Edit like a pro in GarageBand '09

Unlike Apple’s Logic Pro or Logic Express digital audio workstation software, GarageBand '09 is not set up for precisely editing the audio content of Real Instrument tracks. But with a few simple but powerful techniques, you can eliminate the artifacts that prevent your tunes from sounding their best.

1. Choose your material Let’s say you recorded the bass part to a Real Instrument track, but the performance is a bit uneven, and now you want to choose just one measure and repeat it for the final piece. This is just one situation in which you can apply the editing technique described below.

After launching GarageBand, change the LCD Mode to Measures (if it isn’t in this mode already) by clicking on the icon to the left of the digital readout at the bottom of the window or choosing Control->Show Measures in LCD. Place the playhead at the start of the first measure you want to repeat.

Double-click on the region containing the material you want to loop to open the Editor.

2. Zoom in (really) tight First, set the small “Lock-the-timeline-and-editor-playheads” button (in the lower-right corner of the Timeline) to Lock so that the playhead in the Editor remains in view when you zoom. Then drag the Zoom slider (at the bottom-left of the Editor) all the way to the right.

This little control locks and unlocks the timeline and editor playheads so you can see and control different parts of your project.

After you’ve zoomed in all the way, you’ll see a series of peaks and valleys, a waveform display that represents actual sound waves.

Notice the 0, +, and – symbols to the left of the Editor. When the wave is above the zero line (in the plus region), it is pushing the listener’s eardrum inward; when the wave is below the zero line (in the minus region), it is pulling the listener’s eardrum outward. Any time the eardrum moves, we hear sound. But when a sound wave is exactly midway—at the zero-crossing point—there is no sound or very little sound. And this is the exact point at which we’re going to start editing, resulting in a pop-less transition from region to region.

3. Cut Before making your edit, change the LCD Mode to Time. Then position the playhead at the zero-crossing point, and choose Split from the Edit menu (or hit Command-T). Zoom in on the Timeline (top pane), select just the excess snippet, and delete it.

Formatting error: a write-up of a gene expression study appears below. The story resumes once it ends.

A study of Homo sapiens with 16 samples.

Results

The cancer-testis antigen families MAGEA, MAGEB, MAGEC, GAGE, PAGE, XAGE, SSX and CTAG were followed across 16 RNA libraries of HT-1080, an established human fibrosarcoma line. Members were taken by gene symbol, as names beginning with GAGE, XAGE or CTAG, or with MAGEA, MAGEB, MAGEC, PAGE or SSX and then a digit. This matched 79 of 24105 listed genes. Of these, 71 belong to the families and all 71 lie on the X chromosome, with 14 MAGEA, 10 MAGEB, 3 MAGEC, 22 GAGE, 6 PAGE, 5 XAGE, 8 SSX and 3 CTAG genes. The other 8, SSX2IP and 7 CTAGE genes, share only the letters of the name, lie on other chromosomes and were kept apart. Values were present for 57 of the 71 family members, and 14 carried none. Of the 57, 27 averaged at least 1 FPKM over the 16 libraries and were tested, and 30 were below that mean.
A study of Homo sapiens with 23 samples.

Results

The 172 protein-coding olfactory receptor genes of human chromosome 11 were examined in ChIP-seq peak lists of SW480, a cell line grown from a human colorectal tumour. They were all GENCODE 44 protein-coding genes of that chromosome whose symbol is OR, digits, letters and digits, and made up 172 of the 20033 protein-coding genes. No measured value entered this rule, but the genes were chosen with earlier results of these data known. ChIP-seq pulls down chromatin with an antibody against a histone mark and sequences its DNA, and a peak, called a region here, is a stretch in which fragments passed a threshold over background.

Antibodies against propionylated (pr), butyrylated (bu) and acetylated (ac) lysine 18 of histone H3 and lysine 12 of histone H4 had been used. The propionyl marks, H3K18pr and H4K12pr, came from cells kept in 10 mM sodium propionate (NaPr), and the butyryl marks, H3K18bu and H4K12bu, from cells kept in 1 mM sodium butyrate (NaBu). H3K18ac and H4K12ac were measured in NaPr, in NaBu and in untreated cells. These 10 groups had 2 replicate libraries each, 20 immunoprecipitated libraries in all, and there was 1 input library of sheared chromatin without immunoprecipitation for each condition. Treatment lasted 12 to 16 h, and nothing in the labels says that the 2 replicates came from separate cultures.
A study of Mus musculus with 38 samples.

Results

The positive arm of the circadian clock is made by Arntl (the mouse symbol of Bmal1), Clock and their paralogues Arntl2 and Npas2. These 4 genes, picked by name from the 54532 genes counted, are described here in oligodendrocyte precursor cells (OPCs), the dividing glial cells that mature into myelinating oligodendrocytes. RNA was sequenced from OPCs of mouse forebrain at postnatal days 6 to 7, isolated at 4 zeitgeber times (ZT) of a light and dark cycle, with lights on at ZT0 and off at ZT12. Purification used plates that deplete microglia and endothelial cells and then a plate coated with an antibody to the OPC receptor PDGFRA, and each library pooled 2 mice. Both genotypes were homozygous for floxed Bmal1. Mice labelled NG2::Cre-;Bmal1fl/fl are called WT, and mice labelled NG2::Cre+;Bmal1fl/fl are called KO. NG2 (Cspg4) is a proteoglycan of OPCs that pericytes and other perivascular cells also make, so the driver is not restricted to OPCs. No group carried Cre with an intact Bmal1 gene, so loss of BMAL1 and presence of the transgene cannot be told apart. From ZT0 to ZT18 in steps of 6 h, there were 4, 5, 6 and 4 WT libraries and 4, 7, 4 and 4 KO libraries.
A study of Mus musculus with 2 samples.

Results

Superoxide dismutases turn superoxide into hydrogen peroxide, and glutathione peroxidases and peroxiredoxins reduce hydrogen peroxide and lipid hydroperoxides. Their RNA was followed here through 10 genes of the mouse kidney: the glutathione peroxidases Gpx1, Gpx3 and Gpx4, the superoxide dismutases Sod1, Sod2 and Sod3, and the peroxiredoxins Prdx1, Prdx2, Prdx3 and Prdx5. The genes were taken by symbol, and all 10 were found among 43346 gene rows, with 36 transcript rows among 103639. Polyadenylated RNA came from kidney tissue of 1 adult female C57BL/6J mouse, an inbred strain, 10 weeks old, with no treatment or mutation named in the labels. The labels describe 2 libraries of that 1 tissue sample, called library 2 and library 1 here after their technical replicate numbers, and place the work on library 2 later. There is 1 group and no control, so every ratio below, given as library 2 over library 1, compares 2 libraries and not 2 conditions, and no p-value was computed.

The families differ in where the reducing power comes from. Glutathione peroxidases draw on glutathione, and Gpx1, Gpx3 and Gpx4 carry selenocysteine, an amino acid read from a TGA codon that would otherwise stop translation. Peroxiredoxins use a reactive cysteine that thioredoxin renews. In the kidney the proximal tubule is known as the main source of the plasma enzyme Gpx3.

Place the playhead exactly at the zero-crossing point between two sound waves.

4. Fine tune Notice, that, because you didn’t make the cut exactly at the start of the measure, you have a very small gap between the audio and the measure line. This is inaudible; however, we’re going to fill this space with silence (or “room noise,” actually). That way, we can avoid subtle timing problems and enable the edited region to automatically change tempo if you drag it into different projects as a loop (see tip below).

Select a small flat piece of audio that has no waveforms in it, by clicking and dragging while the cursor is a large crosshair, and copy it. Change the LCD to Measures mode, place the playhead at the start of the measure, and paste (it’s OK if there’s a tiny gap between the regions). Select both regions in the Timeline, and choose Join from the Edit window to connect them. Don’t worry if the waveforms change slightly; this won’t affect the sound.

5. Finish the loop Repeat steps 1 through 4, this time at the end of the measure. Then turn your edited region into a loop by dragging it from the upper-right corner, so the cursor turns to a circular arrow; this will repeat your sound for as long as you drag. (Tip: Add your loop to the Loop Browser by selecting it and choosing Add to Loop Library from the Edit menu.)

Add a little snippet of silence, or “room noise,” to make up a complete measure.

In addition to creating loops, you can use these techniques for seamlessly piecing together sections of any audio (Real Instrument) content, so you can sound like the pro you know you are.

[David Weiss is a San Francisco Bay Area based freelance writer.]